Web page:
Tuesday, May 29, 2018

Updated Living DNA Results - Y DNA fixed

In my most recent post, I reported that Living DNA had provided an anomalous Y-DNA reading, assigning a Haplogroup C, rather than an expected N.

Living DNA has rerun my results (probably at the prompting of the amazing Katie Welka), and there are new results.

The new results show N-M46 (N1C1) with a subclade of N-L550. This is consistent with the test results from Family Tree DNA, which narrow it down further due to some separate SNP tests that I had them run a few years back.


The atDNA admixture is a bit different.

Europe (East)53.9%
Northeast Europe35.5%
East Balkans1.8%
Finland and Western Russia1.7%
Great Britain and Ireland35.9%
Southwest Scotland and Northern Ireland10.6%
North Yorkshire5.8%
Southeast England4.4%
Northwest Scotland1.8%
South England1.1%
Europe (North and West)8.8%
Asia (South)1.4%

Most obviously, there is now a South Asian component - 1.4% Pashtun. Something similar used to pop up in Ancestry.com results.

That Pashtun came at the expense of the other regions, which relatively didn't shift much, although individual subregions changed around. For example, the French part is new, mostly taking from the Scandanavian portion

Individual sub-regions gained or lost up to 3%.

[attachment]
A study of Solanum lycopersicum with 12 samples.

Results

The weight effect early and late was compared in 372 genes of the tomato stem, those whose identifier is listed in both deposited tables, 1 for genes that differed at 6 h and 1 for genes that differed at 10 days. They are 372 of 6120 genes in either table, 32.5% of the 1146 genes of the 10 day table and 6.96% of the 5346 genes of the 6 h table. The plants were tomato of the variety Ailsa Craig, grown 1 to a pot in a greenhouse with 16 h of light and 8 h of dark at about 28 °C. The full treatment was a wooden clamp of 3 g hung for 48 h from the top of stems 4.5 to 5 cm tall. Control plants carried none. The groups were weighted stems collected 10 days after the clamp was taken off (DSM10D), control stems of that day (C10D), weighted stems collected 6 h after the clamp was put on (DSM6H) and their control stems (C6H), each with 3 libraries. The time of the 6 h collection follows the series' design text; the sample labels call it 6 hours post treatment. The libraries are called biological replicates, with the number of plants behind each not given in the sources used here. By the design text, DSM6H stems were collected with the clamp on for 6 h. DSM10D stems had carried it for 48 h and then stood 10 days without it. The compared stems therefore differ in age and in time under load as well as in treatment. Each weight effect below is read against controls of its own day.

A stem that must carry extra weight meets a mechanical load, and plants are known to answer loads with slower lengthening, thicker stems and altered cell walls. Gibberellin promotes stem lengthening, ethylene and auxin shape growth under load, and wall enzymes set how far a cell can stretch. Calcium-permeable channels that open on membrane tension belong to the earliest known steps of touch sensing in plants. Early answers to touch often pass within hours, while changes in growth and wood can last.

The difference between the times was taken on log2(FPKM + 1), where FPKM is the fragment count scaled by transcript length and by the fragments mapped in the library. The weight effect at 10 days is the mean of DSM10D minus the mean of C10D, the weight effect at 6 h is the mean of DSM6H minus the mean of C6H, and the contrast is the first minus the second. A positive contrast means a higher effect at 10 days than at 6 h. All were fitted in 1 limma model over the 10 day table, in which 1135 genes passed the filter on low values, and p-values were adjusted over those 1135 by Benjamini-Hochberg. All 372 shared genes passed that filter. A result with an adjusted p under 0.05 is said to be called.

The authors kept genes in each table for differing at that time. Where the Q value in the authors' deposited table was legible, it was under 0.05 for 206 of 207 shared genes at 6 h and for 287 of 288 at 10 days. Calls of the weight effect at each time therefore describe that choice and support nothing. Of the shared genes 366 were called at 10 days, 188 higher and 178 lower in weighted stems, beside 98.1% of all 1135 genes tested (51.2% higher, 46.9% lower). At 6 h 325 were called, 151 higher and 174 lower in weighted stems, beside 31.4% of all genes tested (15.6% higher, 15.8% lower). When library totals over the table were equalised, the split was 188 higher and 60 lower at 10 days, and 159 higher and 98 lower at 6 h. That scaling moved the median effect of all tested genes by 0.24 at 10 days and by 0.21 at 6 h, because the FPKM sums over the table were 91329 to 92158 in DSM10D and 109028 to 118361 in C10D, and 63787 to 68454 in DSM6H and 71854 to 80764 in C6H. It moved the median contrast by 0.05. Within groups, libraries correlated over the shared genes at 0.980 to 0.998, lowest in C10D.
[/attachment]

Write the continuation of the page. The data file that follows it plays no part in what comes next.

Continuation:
I still think they over-emphasize British influence, but I think that is because of the nature of their reference panels, as well as the distinct possibility that my Irish ancestors were more recent to Ireland than might be expected.


This also brings up the mysterious Mordovian component, which rose from 3.0 to 3.5.  I have no obvious Mordovian ancestry. I am not saying that there is no connection - rather, that there may be interesting genetic relationships at play. 


These results are consistent enough with what I expected that I wouldn't have thought much if I had seen them originally. However, on the atDNA side, the original was actually closer to what I was expecting.

I will continue to monitor all of the companies, as they continue to tweak their algorithms for their admixtures.